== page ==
SMITHS STATION, Ala.— Kim Serda didn’t think she would make it out alive.
As she took cover in a bedroom closet with her two dogs, Serda could feel the pressure building up around her.
Suddenly, Serda said she heard the back window of the room blow out. Then, the attic access door in the closet blew off causing Serda’s entire body to be lifted and nearly sucked out.
“I thought I was gone,” said Serda, as she sat at her kitchen table, just a few steps away from the tree that had fallen through the ceiling of her living room.
The Serdas are among 24 families in Smiths Station, Ala. left homeless after the deadly tornado that swept through Lee County on Sunday.
The twister is being blamed for at least 23 deaths
On Monday, residents near Lee County Road 294 in Smiths Station were outside assessing the damage as contractors cleaned up debris.
Yards were littered with tree branches, roof shingles, vinyl siding from homes and glass bottles. Dozens of trees were uprooted, including one that smashed a mobile home.
The nearby West Smiths Station Elementary School was also damaged. Parts of the school’s roof had blown into a neighbor’s yard and the playground was mostly destroyed.
Volunteers were organizing clean-up efforts Monday for this small, rural and tight-nit community.
The Serdas said their home is a complete loss and they will have to rebuild.
“As long as we are safe, that’s all that really matters,” said Roberto Serda, who was hit with a piece of a storm door as he tried to grab the couple’s third dog during the storm. “We didn’t have any damage to us, it was just material things.”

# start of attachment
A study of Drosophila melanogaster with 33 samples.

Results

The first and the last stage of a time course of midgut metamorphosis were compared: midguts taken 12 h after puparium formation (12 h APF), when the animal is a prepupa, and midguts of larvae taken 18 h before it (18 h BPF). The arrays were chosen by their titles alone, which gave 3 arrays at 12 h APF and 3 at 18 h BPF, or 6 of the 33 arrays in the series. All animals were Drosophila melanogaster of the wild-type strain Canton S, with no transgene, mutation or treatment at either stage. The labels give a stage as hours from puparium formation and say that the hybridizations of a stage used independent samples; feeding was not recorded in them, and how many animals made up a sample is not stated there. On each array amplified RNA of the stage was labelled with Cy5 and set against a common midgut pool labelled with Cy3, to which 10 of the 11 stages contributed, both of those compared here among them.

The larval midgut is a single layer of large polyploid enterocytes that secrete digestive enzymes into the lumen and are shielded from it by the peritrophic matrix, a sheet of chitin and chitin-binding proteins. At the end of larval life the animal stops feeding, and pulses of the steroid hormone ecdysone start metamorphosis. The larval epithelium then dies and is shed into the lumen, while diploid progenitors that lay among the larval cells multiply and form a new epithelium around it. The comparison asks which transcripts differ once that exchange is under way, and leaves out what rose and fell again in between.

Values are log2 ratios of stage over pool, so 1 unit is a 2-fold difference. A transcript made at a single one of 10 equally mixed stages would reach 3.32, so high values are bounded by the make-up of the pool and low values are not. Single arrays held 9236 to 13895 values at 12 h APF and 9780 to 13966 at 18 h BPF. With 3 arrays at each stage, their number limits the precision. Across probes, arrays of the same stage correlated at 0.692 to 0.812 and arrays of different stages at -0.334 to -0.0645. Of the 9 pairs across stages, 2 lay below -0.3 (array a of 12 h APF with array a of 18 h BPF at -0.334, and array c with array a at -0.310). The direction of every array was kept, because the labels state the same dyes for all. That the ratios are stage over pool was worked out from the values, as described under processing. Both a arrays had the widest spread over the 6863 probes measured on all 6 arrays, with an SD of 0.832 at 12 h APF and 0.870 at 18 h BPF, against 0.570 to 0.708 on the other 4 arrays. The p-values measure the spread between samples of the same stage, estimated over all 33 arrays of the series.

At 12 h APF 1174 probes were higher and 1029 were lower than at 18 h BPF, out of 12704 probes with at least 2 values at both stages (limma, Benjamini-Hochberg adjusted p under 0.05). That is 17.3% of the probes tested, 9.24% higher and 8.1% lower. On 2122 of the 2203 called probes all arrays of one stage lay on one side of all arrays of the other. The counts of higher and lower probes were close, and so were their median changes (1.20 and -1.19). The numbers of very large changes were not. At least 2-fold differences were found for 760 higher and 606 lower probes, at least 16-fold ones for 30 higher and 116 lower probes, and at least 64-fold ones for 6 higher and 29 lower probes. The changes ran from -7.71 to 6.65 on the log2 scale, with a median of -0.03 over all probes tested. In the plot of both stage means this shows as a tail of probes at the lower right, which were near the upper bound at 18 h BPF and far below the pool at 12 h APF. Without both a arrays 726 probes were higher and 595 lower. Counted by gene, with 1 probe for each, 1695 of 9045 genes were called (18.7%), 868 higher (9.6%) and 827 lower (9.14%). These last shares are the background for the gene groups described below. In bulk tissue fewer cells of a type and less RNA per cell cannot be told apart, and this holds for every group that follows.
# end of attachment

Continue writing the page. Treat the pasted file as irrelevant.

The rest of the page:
Some residents didn’t suffer as much property damage but said Monday they were still shaken up.
Ferson Luke, who lives next door to the Serdas, said he was in the kitchen with his granddaughter Sunday when he heard a loud noise that sounded like a train. He looked outside and saw power lines falling and trees blowing.
“It happened so fast I didn’t have time to take cover,” Luke said. “I wasn’t scared for my property, I was scared for my life.”
Luke said he feels lucky — all he needs is a new roof and the debris in his yard picked up.
Earl Washington, who lives across from West Smiths Station Elementary, was raking up branches in his yard Monday.
Though Washington had a large uprooted tree on his property, he planned to spend his evening helping others who were hit harder.
“When I saw this I was like ‘wow,’” said Luke. “But when I went over behind the school, my heart dropped. They need help over there.”